The Rover: Pearce, Pattinson, Trains and Automobiles
Director David Michod knows how to create memorable characters. His depraved worlds breed creatures who are insanely magnetic. Ben Mendelsohn stole the show in Michod’s Animal Kingdom. His character seethed with menace while being incredibly ordinary. The character had more than three dimensions and proved to be a bland monster that was more snake than man. In The Rover, Robert Pattinson creates a twitch filled character that is pretty fantastic and memorable.
The Rover is a simple story that takes place ten years after the collapse of civilization. We don’t get leather clad motorcycle gangs. Instead, we get drifters who exist in a semi-lawless world. The lack of murderous biker gangs is refreshing because it grounds the story and adds to the suspense. The Australian landscape is just as deadly as the inhabitants and is filmed in all its barren glory.
The story revolves around Guy Pearce on a mission to recover his stolen vehicle. Along the way he picks up one of the thieves brothers and the two become a sort of Butch Cassidy and Sundance Kid who might murder you. The violence is sudden, the mood grim and faces dirty. This is not a world that you want to live in. The Rover lacks a story but is chock full of surprises, suspense and great performances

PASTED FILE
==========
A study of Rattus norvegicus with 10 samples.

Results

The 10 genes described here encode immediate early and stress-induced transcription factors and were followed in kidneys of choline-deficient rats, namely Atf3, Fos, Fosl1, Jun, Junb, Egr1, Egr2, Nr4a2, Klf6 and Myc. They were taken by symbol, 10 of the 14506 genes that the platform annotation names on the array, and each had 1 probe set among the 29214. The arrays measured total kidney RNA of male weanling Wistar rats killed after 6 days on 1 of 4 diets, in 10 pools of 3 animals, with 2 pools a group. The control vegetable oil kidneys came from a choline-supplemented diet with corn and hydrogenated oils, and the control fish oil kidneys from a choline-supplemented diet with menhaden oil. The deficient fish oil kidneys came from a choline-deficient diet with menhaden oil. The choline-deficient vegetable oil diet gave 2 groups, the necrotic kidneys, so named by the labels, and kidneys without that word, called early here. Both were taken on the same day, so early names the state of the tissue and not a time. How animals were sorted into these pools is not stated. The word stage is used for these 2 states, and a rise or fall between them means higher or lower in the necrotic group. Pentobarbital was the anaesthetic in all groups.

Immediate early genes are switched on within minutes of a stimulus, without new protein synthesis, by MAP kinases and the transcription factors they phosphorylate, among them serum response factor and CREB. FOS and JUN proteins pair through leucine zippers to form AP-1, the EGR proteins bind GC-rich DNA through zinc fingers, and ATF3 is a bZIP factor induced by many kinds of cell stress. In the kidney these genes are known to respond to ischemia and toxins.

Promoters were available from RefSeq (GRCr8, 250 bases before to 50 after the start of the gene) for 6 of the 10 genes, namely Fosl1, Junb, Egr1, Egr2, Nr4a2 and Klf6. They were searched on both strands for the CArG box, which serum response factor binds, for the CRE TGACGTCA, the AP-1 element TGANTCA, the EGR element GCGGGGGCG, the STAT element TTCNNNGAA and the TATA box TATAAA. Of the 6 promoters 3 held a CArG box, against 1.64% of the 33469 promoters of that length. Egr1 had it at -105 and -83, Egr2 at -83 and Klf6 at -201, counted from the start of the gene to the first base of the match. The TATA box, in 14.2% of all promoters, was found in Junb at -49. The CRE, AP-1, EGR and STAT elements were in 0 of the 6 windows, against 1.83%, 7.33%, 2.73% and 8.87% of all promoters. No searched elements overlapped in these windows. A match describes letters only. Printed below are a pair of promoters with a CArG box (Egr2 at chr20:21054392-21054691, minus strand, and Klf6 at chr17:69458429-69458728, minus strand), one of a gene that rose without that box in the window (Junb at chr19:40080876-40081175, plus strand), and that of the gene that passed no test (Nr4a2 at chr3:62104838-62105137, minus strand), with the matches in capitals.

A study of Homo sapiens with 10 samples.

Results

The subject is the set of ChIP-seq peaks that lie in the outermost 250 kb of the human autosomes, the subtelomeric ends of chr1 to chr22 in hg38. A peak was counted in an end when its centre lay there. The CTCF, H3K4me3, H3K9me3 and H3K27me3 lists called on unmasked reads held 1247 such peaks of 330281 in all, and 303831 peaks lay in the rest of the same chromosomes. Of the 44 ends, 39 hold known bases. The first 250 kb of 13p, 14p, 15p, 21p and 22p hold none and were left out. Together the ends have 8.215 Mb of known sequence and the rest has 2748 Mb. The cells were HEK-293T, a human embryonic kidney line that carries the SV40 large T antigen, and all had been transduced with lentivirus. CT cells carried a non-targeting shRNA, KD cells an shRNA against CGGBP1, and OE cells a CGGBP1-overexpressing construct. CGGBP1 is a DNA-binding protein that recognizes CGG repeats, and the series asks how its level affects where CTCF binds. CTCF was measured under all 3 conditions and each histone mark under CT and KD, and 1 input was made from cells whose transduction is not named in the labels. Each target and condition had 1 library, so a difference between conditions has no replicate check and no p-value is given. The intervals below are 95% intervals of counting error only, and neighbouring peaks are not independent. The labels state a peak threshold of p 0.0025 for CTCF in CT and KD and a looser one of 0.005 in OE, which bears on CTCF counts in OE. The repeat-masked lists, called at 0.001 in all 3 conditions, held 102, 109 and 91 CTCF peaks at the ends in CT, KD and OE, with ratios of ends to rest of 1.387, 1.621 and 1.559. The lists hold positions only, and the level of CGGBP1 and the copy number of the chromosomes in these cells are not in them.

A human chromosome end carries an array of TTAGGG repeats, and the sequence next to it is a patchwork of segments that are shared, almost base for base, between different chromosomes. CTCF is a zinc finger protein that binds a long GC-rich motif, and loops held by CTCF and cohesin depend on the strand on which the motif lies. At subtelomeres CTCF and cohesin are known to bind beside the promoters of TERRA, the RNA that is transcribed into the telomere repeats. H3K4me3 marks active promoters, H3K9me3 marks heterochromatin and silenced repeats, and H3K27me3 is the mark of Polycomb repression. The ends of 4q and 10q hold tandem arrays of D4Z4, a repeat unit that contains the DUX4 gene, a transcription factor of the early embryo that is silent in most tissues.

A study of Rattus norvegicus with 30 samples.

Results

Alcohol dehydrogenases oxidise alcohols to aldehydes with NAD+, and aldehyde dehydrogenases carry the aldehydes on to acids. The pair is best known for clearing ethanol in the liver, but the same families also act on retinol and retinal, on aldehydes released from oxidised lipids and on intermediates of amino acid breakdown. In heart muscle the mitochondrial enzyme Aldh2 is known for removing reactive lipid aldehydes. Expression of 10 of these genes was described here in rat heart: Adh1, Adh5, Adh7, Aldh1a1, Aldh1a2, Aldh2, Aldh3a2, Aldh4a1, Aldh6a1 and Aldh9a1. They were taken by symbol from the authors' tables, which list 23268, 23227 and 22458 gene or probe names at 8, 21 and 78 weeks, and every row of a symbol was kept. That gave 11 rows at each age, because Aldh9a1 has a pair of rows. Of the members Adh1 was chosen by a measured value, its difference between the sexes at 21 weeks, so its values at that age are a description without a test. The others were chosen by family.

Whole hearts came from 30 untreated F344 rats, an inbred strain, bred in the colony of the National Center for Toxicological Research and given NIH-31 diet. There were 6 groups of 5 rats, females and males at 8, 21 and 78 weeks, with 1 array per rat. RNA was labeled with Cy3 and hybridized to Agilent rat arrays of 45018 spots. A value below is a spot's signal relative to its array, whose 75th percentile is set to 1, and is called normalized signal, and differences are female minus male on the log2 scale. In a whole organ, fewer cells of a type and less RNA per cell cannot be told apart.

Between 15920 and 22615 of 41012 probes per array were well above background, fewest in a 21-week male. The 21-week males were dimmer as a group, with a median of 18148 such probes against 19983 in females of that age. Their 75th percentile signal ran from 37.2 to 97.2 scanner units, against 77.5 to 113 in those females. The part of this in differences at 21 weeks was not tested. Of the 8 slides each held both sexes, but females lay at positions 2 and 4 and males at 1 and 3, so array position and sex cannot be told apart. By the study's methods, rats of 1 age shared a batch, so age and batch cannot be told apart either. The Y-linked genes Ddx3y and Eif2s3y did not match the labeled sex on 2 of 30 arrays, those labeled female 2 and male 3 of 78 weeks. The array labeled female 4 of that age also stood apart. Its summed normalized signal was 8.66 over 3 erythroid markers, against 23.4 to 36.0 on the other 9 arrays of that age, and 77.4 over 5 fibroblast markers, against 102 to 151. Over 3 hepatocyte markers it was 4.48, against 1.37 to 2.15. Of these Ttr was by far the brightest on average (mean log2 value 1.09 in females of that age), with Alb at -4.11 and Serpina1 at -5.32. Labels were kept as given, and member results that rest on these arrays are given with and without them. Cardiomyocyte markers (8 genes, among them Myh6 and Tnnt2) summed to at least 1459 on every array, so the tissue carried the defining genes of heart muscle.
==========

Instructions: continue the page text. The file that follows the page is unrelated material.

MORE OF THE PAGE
Guy Pearce is solid as always and continues his chameleon like work in genre cinema. The Rover could make for a perfect yet bleak Guy Pearce film festival alongside the The Proposition, The Road, Memento and Ravenous. However, The Rover is Robert Pattinson’s film. He is capable yet dumb. He almost doesn’t know how to die. He is loyal to a fault and is a true wild card. Pattinson dissapears into the character and it all culminates with him singing Keri Hilson’s song “Pretty Girl Rock.”
The film may be nihilistic and bleak but I enjoyed the different feel of the collapsed world. It plays like A History of Violence meets Mad Max meets buddy road film.The end fills you up with proper suspense and there are moments of surprise. The film does not feel familiar and takes you to some interesting places. The lack of narrative and occasional gaps are forgiven because of the memorable moments and committed performances.
The Rover is grimy, bleak and unique. It is worth watching because of the beautiful Australian outback and Robert Pattinson’s performance.